Sunnie Richer was born in a displaced persons camp in Germany after her parents fled war in Lithuania. At age 3, she immigrated with her family to the United States, grew up in Chicago, and eventually, moved to Des Moines to head IBM’s Iowa operation. Her career included building several successful businesses after she left IBM.
Roger Brooks, one of the youngest among 12 children, grew up on a farm in Clarion, Iowa, and became the first in his family to graduate from college. At age 34, he was running Central Life, an insurance company that is now under Athene. The high point of his career was creating a the corporate structure for the insurance company that became a model for other companies to follow.
What brought Sunnie and Roger together was United Way. Roger first met Sunnie on a CEO call to ask her to make calls on major businesses for support in the United Way campaign. Although the meeting didn’t immediately lead to a first date, it left an impression that has lasted through the couple’s marriage.
They still share their appreciation for United Way.
“I like United Way because it is an umbrella organization for major social service needs in our community, and that’s important, because if you give large sums of money, you can’t have a handle on everything that’s taking place,” Roger says. “United Way has the capacity and the wherewithal to do it. I feel like our money is deployed to the right organizations and to the right people for the right causes.”
“I like the way it’s structured,” adds Sunnie. “There is an effort for accountability, for follow through, for measuring outcomes, which is very tough to do in this area, but important.”
After they retired, they chose to endow their gift so that United Way would continue to receive a Tocqueville Society-level contribution every year in perpetuity.
Roger admits he doesn’t like endowments because he’s uncertain how a nonprofit will operate into the future, but “with United Way’s 100 years of history, with it consistently doing a good job, I felt comfortable going into the future knowing our endowment would continue to fund the needs of the community,” he says.
Roger first became involved in United Way because his company expected all employees to donate during its campaign. When he became CEO, he stopped that requirement. Instead, he believed people needed to give because they wanted to, and his company still maintained one of the highest per capita giving rates in central Iowa after that. Roger served in several volunteer roles, including chairing the campaign.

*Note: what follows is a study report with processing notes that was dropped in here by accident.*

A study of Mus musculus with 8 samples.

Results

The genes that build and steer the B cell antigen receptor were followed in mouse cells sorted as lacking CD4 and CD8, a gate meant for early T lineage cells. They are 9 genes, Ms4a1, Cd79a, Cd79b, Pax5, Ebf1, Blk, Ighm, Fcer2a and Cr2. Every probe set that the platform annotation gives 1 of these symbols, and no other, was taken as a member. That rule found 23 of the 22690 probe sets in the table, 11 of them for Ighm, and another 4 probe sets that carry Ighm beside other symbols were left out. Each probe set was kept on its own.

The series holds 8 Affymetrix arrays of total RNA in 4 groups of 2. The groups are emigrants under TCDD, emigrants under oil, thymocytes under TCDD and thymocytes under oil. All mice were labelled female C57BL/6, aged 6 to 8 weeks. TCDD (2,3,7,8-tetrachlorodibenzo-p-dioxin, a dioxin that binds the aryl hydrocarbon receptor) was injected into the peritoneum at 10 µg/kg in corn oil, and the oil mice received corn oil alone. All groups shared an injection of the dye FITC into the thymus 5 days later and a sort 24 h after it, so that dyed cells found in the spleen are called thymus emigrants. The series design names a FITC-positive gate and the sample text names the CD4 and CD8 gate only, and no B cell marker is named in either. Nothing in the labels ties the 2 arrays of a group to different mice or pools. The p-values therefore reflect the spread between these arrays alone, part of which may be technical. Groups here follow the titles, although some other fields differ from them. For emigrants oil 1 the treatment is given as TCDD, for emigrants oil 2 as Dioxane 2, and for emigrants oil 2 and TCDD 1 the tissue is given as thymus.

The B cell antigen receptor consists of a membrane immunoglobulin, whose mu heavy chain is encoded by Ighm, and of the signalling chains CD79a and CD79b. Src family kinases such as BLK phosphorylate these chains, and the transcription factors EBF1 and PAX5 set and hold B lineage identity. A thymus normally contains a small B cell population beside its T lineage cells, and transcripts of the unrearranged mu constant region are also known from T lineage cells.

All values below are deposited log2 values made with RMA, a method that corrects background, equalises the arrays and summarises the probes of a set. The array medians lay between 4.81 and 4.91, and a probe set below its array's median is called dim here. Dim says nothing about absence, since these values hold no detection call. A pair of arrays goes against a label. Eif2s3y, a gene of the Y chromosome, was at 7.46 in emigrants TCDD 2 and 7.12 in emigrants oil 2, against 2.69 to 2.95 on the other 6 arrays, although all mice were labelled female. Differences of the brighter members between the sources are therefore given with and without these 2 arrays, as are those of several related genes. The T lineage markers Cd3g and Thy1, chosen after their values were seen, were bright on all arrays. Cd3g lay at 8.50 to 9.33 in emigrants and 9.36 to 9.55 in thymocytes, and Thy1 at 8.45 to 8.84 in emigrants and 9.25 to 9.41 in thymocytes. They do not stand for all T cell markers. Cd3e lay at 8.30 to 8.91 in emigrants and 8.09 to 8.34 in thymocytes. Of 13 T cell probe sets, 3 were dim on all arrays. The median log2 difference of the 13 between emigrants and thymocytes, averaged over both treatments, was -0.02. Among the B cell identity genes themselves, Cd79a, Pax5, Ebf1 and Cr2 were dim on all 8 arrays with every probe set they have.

Meanwhile, Sunnie connected with United Way when she moved to Des Moines, because she didn’t know anyone in the area. “Des Moines is a very welcoming community for somebody who is willing to roll up her sleeves,” she says. She served on investment committees, fundraising committees, and at one time, chaired the board.
She especially has a strong passion for making sure children have access to education and support for future success, having received many opportunities growing up in Chicago. In retirement, she tutors at-risk children struggling to read and she has supported the Children and Family Urban Movement.
Both see United Way as being unique in addressing those issues in a larger way and in uniting the Greater Des Moines community.
“I believe that United Way has been some of the glue that has kept a vibrant corporate structure in Des Moines, because we have the leadership of the community meeting on a regular basis to understand community needs, running very successful fundraising campaigns and then actively participating in allocation of funds, ” says Sunnie. “It helps build a sense of community and a sense of pride.”
“United Way makes Des Moines a better place to live,” Roger says. “And it has contributed to a sense of pride, because we are one of the top giving communities in the country and I think people who are involved are proud of that.”